High Court Judgment Untangles Financial Web in Lakatamia Shipping Company Case, Rules Against Defendants in Conspiracy Allegations

Citation: [2023] EWHC 3023 (Comm)
Judgment on


In the High Court of Justice case of Lakatamia Shipping Company Limited v Tseng Yu Hsia & Anor [2023] EWHC 3023 (Comm), a complex web of financial transactions, asset transfers, and allegations of conspiracy was untangled. This article provides a detailed analysis of the legal principles employed by Mr Justice Foxton in reaching a verdict that included a judgment on the merits against Ms Tseng Yu Hsia and a default judgment against Ms Chiharu Morimoto.

Key Facts

The litigation revolves around efforts by Lakatamia Shipping Company Limited (Lakatamia) to recover judgment debts from Mr Nobu Su, with claims extending to other involved parties. The case focuses on the unlawful means conspiracy and the so-called Marex tort, arising from previous court judgments, and whether certain actions were in breach of the Blair Freezing Order. Lakatamia alleged that the Respondents were complicit in conspiracy to dissipate assets owed under a judgment against Mr Su, specifically regarding aircraft sale proceeds and the sale of Monaco villas (collectively called the “Sale Proceeds”).

Lakatamia asserted that Ms Tseng and Ms Morimoto were parties to schemes that intended to evade Lakatamia’s recovery attempts. The charges were largely based on the handling and distribution of the Sale Proceeds and, in Ms Morimoto’s case, transferred Tokyo property sale proceeds.

Applicable Law

The judgment clarified that English law applied by default, given the absence of plea for foreign law’s application, in alignment with the decision in FS Cairo (Nile Plaza) LLC v Brownlie [2021]. The court also determined that both claims were governed by English law after considering the relevant legal principles, reaffirming the principle that a party cannot opt out of a particular rule of law without specifically raising it.

Unlawful Means Conspiracy

To establish unlawful means conspiracy, it is necessary to show a combination between parties with the intention to injure, combined with the use of unlawful means causing loss to the target. The court established Ms Tseng’s knowledge of the Blair Freezing Order and Cooke Judgment Debt, concluding her involvement in the distribution and concealment of Sale Proceeds breached the terms of the freezing order and injured Lakatamia. The legal principles follow the elements outlined in FM Capital Partners Ltd v Marino [2019].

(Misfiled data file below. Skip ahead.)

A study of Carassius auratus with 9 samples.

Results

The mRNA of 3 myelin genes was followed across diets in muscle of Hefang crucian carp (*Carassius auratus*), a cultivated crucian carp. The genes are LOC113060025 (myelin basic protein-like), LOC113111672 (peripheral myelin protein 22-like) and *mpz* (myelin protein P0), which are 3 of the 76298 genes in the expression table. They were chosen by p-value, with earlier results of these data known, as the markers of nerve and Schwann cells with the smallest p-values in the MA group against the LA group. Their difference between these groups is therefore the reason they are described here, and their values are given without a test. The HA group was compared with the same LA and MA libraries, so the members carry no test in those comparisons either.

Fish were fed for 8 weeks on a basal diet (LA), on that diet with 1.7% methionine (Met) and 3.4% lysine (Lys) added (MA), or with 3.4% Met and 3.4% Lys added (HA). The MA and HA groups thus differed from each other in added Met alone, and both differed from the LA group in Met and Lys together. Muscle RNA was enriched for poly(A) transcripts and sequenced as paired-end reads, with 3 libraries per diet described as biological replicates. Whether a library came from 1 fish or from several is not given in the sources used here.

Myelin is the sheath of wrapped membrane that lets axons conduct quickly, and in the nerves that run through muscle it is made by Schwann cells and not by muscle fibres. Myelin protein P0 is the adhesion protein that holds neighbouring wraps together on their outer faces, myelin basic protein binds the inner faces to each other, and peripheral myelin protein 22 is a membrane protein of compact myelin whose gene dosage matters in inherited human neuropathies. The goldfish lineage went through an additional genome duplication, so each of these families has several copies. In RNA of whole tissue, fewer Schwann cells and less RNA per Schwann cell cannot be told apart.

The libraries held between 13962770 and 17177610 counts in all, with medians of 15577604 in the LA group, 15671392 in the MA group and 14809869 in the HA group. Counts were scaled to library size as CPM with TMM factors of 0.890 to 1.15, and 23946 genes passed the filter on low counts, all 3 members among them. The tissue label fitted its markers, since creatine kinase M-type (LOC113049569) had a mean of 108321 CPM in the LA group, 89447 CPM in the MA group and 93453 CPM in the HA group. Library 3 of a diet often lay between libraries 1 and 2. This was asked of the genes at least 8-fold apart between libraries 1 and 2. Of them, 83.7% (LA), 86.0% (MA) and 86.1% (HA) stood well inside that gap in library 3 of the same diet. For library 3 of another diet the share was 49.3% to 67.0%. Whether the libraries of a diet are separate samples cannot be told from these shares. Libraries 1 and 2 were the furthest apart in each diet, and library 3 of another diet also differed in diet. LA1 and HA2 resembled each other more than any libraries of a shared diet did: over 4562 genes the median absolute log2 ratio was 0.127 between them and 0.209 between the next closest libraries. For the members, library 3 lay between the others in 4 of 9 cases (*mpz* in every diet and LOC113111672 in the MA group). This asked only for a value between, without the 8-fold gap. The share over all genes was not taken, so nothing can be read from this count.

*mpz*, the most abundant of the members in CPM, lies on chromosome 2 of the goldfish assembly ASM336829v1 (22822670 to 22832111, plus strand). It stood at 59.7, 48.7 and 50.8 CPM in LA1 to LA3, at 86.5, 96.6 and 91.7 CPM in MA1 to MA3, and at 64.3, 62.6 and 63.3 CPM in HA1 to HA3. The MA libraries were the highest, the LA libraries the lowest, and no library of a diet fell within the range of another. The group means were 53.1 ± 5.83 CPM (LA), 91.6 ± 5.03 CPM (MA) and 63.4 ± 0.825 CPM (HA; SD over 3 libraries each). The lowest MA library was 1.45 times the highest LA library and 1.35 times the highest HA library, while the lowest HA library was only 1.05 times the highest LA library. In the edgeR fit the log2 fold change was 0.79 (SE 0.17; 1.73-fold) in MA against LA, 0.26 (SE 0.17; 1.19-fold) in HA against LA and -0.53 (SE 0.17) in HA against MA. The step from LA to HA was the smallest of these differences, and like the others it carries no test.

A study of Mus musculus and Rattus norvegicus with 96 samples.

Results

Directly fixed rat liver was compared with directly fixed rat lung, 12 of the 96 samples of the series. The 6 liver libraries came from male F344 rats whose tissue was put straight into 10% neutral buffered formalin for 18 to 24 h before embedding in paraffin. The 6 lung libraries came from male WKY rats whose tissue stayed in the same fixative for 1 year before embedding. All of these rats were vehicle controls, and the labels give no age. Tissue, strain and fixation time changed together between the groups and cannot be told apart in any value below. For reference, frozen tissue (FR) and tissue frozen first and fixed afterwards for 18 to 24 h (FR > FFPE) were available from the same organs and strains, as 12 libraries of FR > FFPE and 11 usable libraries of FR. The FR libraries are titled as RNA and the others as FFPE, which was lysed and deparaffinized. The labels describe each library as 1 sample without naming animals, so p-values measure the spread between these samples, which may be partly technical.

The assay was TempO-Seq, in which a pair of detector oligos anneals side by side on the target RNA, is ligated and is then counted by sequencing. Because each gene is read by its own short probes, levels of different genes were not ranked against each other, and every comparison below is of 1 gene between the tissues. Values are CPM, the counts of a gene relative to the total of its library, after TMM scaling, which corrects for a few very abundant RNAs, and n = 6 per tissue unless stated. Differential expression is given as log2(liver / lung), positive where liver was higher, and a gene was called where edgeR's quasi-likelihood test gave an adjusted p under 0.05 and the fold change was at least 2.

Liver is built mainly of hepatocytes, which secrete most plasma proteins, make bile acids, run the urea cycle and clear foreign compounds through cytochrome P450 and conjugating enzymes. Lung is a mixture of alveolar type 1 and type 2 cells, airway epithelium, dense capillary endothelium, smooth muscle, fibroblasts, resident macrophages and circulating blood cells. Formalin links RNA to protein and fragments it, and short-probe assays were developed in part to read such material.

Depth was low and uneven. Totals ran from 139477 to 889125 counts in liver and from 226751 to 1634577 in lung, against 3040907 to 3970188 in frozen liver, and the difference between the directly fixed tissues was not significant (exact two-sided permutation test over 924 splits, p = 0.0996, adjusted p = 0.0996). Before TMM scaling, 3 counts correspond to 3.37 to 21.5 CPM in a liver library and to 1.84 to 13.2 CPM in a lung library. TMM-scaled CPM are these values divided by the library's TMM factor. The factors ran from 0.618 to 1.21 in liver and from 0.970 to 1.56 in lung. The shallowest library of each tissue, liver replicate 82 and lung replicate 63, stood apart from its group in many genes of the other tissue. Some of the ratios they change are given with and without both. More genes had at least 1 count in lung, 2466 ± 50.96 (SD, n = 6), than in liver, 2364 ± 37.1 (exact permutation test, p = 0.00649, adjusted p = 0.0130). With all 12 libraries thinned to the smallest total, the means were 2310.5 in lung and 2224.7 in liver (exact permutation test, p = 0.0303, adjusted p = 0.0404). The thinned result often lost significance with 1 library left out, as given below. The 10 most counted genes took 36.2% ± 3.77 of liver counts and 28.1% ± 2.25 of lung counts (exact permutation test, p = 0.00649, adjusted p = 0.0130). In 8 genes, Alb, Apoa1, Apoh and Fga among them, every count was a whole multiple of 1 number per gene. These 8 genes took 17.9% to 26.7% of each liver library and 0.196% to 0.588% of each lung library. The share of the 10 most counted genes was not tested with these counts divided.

The Marex Tort

The Marex tort, which deals with the unlawful inducement or procurement of breaches of judgment rights, was directly addressed. The court followed established elements of the Marex tort, such as the entry of a judgment in favor of the claimant, the defendant’s knowledge of said judgment, and the procurement or inducement of a breach of that judgment’s rights.

Adverse Inferences

While the court declined to draw adverse inferences from Ms Tseng’s non-participation in document disclosure or evidence, acknowledging the defendant’s right to avoid self-incrimination, it accepted that her failure to engage with litigation and comply with Court orders supported Lakatamia’s allegations.

Service and Default Judgment

The Court found service to be duly performed as per the evidence provided, both through convention methods and via email in Ms Tseng’s case, despite her lack of engagement with the proceedings. The court detailed the conditions precedent for the default judgment as per the CPR, concluding in favor of Lakatamia on the substantive claim against Ms Morimoto, but not for the so-called Litigation Conspiracy due to uncertainties surrounding its recognition under English law.


The court awarded Lakatamia judgment against Ms Tseng for damages in relation to the Aeroplane Sale Proceeds and Monaco Sale Proceeds, including interest. In Ms Morimoto’s case, default judgment was granted for the sale proceeds of a Tokyo property and associated interest. Cost allocations were made reflective of the work done and complexity related to each defendant.


Justice Foxton’s meticulous dissection of the facts in light of relevant tort law principles, specifically unlawful means conspiracy and the Marex tort, led to comprehensive judgments against both defendants. The court leveraged established legal precedents to navigate the proceedings amid non-engagement by the defendants. This case affirms the critical nature of the freezing orders in asset recovery and serves as a cautionary tale for those who might consider circumventing such directives. It underscores the courts’ capability to enforce judgments despite complex attempts to dissipate assets and the reticence of involved parties.